What Happens if you Die Without a Will?

You may think that you’re a long way off needing a Will but the reality is, when it comes to protecting your loved ones, there’s no better time than the present. You may also be under the impression that only the elderly or the wealthy need Wills. But here's the thing, a Will could help protect your loved ones in a number of ways, regardless of your income or assets. 


We’re going to discuss the possible outcomes of dying without a Will and how that could impact your loved ones. But don’t worry, we’ll also provide information about how our FREE Will Kit worth £100 (available for all new Smart Insurance customers) could help you to avoid these situations. 

 

What is a Will? 

 

A Will lets you officially document how you would like your ‘estate’ (money, property, and possessions) handled if you pass away. In your Will, you will state how you would like your assets to be divided. You will list all your assets and name the beneficiaries who will receive these assets - this can be one person, several people, or an organisation such as a charity. You can also use a Will to make your funeral wishes clear such as your preference for burial or cremation. Another thing that a Will can be used for is naming legal guardians for your children or deciding who will become responsible for pets.  

 

Consequences of dying without a Will 

 

So, what happens if you pass away without a Will? 


Disputes over assets

 

Failing to put a legal Will in place could result in a dispute over your assets. Should this happen, your loved ones could end up having to take legal action. If you have any assets (house, car, heirlooms, jewellery, savings, investments) it could be best to name who is entitled to receive them should you pass away unexpectedly.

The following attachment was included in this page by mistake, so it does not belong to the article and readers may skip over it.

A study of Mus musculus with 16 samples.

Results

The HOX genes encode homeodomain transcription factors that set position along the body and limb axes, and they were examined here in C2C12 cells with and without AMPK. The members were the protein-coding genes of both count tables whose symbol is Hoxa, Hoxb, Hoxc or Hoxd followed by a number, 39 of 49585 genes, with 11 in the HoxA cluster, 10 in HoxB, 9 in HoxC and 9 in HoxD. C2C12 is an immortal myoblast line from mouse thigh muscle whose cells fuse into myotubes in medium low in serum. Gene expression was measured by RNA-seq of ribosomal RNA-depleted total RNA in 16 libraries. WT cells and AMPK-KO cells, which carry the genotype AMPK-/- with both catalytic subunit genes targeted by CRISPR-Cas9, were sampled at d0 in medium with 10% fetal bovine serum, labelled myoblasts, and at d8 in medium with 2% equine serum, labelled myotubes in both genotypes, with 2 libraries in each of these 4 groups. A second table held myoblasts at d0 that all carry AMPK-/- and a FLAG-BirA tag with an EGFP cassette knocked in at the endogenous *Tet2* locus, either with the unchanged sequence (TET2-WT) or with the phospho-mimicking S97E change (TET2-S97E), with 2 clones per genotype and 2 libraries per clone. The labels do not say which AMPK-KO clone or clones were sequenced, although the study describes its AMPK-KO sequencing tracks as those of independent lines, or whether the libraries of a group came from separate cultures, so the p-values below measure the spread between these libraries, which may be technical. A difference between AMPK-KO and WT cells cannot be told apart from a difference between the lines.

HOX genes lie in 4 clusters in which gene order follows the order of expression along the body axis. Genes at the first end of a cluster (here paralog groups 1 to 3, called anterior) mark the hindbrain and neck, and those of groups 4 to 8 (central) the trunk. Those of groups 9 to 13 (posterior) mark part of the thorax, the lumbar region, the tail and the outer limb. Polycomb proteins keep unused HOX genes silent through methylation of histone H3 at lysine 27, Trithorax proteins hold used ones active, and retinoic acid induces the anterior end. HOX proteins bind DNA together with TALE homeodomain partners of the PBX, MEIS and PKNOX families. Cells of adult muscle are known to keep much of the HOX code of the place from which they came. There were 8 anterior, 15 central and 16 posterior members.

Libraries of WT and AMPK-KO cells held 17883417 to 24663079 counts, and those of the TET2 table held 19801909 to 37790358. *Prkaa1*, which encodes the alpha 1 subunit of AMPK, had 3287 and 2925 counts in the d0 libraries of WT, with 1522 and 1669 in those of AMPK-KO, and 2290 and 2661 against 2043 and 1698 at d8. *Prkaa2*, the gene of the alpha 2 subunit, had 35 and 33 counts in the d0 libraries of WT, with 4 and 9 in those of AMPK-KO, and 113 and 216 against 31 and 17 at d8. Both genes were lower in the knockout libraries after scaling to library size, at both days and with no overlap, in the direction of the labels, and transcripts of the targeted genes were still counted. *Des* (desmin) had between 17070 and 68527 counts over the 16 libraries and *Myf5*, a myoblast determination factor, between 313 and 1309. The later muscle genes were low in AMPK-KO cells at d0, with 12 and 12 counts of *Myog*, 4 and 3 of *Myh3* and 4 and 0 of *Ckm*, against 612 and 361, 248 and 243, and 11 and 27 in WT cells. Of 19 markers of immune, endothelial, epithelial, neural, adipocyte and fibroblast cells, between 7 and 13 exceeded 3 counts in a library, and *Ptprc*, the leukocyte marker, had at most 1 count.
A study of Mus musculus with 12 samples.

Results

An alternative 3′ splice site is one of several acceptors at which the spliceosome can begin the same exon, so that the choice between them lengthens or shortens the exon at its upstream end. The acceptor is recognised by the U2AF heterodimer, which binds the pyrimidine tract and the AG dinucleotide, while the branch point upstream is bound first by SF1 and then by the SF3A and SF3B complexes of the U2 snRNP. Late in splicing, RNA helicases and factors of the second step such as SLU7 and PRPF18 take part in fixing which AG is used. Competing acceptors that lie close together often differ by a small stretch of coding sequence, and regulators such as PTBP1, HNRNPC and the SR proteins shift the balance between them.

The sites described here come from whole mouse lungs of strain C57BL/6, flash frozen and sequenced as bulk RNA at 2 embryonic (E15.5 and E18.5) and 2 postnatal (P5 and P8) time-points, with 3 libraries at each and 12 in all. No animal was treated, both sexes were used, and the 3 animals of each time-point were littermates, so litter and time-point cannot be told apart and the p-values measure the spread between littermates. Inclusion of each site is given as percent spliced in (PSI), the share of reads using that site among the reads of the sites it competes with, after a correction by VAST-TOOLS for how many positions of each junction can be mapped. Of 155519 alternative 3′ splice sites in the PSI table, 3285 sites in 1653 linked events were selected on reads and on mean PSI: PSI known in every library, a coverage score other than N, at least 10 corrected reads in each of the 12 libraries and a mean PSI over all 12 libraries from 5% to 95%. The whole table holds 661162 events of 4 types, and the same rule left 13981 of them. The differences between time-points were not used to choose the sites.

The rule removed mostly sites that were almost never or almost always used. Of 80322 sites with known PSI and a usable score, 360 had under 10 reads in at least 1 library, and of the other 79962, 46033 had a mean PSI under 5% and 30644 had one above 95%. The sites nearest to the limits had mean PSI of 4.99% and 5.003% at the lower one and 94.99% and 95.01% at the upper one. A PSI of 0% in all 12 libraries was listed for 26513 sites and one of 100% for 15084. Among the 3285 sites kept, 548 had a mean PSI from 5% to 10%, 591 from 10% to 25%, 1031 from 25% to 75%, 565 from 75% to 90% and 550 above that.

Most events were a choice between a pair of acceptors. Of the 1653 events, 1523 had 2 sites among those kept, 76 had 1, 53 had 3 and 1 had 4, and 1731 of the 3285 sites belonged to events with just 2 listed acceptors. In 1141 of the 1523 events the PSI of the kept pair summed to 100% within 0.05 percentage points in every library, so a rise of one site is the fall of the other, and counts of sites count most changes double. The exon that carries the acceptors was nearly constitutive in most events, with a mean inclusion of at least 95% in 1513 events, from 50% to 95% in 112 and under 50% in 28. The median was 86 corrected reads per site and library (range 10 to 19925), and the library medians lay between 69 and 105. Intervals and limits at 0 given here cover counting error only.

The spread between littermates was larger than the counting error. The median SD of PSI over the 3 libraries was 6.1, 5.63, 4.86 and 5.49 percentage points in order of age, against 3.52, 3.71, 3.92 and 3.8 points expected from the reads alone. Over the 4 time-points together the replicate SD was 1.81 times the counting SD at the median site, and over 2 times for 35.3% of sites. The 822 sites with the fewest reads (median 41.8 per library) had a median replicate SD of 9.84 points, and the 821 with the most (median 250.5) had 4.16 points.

Probate could delay your loved ones claiming their inheritance


The probate process can slow things down significantly when it comes to claiming inheritance. If you’re unfamiliar with the term, probate is the process of applying for the legal right to deal with someone’s estate when they pass away. If you leave a Will, your beneficiaries will receive a ‘grant of probate’. If the person didn’t leave a Will, the person applying will get ‘letters of administration’. 

 

Your assets may not be distributed as you would have liked


When someone dies without leaving a valid Will, their estate may be divided based on ‘intestacy rules’.  If this happens, it can have serious repercussions for your loved ones depending on your circumstances. For instance, only married or civil partners and some close relatives can inherit under these rules.  

 

There could be problems if you do not nominate a legal guardian


When you appoint a legal guardian for your children in your Will, you know that someone you trust will take care of them should something happen to you. It also gives important rights to that person to make key decisions throughout your child’s life.  


If you do not appoint a legal guardian in your Will, the court may appoint someone. Unfortunately, there’s a chance that this may not be the person you would like to take care of your child when you die. For this very reason, it could be best to take precautions and include this information in your Will. 

 

Your loved ones may owe inheritance tax on anything they receive


Inheritance Tax is a tax on the estate of someone who has died. Your loved ones may not have to pay any tax in the case that: 

The value of your estate is below the £325,000 threshold.


Or 


You leave everything above the £325,000 threshold to your spouse, civil partner, a charity or a community amateur sports club.  


There are several factors in determining how much inheritance tax is owed on your estate but with some careful estate planning and a well-thought-out Will, you could potentially reduce the amount owed. It could be best to speak to a professional who can advise you on how to do this. 


Your life insurance benefit may be considered part of your estate. This could potentially drive up the overall value of the estate, pushing it beyond the inheritance tax threshold. In this case it could be useful to look into placing your policy into a Trust

 

Smart Will Kit 


Every Smart policyholder receives a Will Kit worth £100. Our Will kit allows you to make a legal Will at home. With straightforward instructions, it’s easy to get started with planning your estate.  


By making a Will, you’re taking another step towards financially protecting your family. It’s important to note that in some circumstances it may be best to seek professional or legal advice. This is especially true if you have a large estate or if there are potential complications around deeds and other such things.